Alternative meat popularity has greatly increased over the last few years, with alternative diets such as vegetarian, vegan and flexitarian increasing interest in this market sector. The global alternative meat market value estimate of $3.8 billion in 2018 is forecasted to grow at a compound annual growth rate (CAGR) of 6.32 percent toward 2023 reaching 6 billion according to GlobalData, a leading data and analytics company.
By 2050, the National Geographic has stated the global population will grow by more than two billion people, with research published in the journal Science by scientists Poore &Nemecek stating that 60 percent of agriculture greenhouse gas emissions are due to traditional meat consumption. This highlights the importance of sustainable and environmental food manufacturing with the adoption of new eating habits like alternative meats becoming more important to consumers.
Alternative meat comprises primarily of plant-based alternatives, but lab-grown meat methods are currently in the pipeline. It is unlikely in the short term that lab-based meats will be as popular as plant-based alternatives due to consumer sentiment.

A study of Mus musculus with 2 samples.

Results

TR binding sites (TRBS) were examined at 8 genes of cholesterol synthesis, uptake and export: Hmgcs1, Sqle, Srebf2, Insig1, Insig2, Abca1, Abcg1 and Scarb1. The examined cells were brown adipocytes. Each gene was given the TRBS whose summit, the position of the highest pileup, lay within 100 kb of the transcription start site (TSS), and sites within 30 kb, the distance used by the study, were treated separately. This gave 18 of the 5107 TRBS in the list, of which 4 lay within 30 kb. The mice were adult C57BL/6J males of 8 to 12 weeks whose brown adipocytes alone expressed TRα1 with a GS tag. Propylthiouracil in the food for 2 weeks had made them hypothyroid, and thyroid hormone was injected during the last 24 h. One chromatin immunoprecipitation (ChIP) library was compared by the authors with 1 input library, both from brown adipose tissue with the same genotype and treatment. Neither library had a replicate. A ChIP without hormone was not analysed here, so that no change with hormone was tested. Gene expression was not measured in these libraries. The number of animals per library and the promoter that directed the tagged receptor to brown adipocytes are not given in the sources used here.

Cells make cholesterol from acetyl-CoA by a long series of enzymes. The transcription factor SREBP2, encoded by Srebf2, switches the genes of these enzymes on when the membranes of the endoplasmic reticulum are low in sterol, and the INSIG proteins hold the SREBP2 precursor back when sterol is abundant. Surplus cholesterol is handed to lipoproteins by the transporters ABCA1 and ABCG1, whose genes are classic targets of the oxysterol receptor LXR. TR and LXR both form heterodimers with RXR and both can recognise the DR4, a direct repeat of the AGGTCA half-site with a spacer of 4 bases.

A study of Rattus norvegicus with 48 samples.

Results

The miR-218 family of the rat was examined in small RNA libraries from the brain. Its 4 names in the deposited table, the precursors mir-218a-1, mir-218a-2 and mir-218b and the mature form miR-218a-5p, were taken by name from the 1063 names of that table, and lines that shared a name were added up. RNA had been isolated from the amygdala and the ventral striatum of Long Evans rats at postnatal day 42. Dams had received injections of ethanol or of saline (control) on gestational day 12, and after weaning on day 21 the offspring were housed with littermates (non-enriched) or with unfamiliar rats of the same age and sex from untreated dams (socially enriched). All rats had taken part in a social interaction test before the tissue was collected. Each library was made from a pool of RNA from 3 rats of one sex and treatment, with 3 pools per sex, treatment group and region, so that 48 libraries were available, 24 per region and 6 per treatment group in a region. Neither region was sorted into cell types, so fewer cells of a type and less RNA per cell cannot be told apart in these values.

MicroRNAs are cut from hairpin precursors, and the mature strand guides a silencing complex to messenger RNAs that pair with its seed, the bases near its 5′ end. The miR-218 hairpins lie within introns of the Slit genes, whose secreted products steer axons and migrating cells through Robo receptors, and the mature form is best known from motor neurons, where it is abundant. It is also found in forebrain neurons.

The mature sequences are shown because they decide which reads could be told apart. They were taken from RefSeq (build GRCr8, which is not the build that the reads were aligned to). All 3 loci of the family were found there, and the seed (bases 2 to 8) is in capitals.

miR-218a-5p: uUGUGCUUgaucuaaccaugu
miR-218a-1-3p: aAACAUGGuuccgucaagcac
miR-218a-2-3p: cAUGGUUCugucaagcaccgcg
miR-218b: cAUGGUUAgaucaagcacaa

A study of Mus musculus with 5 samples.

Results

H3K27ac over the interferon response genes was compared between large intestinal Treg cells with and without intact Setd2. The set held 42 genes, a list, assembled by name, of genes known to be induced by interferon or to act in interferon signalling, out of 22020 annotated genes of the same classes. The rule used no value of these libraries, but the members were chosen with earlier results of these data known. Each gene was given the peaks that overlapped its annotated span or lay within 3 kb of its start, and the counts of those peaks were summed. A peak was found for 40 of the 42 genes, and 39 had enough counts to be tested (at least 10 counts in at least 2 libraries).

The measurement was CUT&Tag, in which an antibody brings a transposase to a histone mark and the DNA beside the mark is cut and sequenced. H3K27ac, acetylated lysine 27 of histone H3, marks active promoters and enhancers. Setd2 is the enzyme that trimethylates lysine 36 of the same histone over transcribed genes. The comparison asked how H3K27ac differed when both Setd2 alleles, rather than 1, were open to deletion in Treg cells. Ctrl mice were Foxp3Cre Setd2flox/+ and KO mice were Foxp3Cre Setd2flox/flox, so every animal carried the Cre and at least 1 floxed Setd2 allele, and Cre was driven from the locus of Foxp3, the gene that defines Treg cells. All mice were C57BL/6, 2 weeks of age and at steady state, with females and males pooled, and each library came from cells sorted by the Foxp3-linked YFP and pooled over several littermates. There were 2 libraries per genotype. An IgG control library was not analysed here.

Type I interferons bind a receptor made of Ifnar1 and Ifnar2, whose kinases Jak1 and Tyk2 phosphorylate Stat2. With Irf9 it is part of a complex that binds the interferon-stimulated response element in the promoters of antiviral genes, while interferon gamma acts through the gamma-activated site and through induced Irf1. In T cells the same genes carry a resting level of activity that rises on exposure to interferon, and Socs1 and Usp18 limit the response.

This is supported by GlobalData’s 2017 Q4 Consumer Survey, which confirms that 38% of global respondents would never eat vegan meat that is ‘produced in a lab’.
Matthew Coates, Consumer Analyst at GlobalData, comments: “There is lack of consumer trust towards lab-grown meat to overcome and companies will need to be more transparent about their production methods and offer products at affordable prices to gain consumer trial and acceptance.’’
Aleph Farms and Memphis Meats are the important lab-grown meat companies that use isolated animal cells and regenerative tissue engineering to create ‘slaughter-free’ meat.
These methods are seen to have reduced negative socio-economic problems that are associated with traditional meat production. Furthermore, the United States Department of Agriculture (USDA) concluded that lab-meat does not require the same laws as raised-meat allowing more freedom in manufacturing and distribution.
Coates adds: “The other alternative is plant-based meats, pioneered by the two key plant-based meat producers, Beyond Meat and Impossible Foods. Both have seen success across Europe and the US with the Beyond Burger available throughout Tesco stores and in TGI Fridays, and the Impossible Whopper available across Burger King chains throughout the US with a launch in the UK at the end of 2019’’.
These alternative burgers use a combination of plant proteins, with the Impossible Burger using heme, a molecule found in animal muscle tissue and in plants, to replicate ‘bleeding’. Beyond Meat uses beetroot to produce a similar effect.
Coates concludes: “Plant-based meat is still taking the lead with consumers as there are fewer ethical concerns and will likely continue to see growth and innovation, but new entries in the market will need to find their own niche to avoid over-saturation, much like Beyond Meat and Impossible Foods have done.”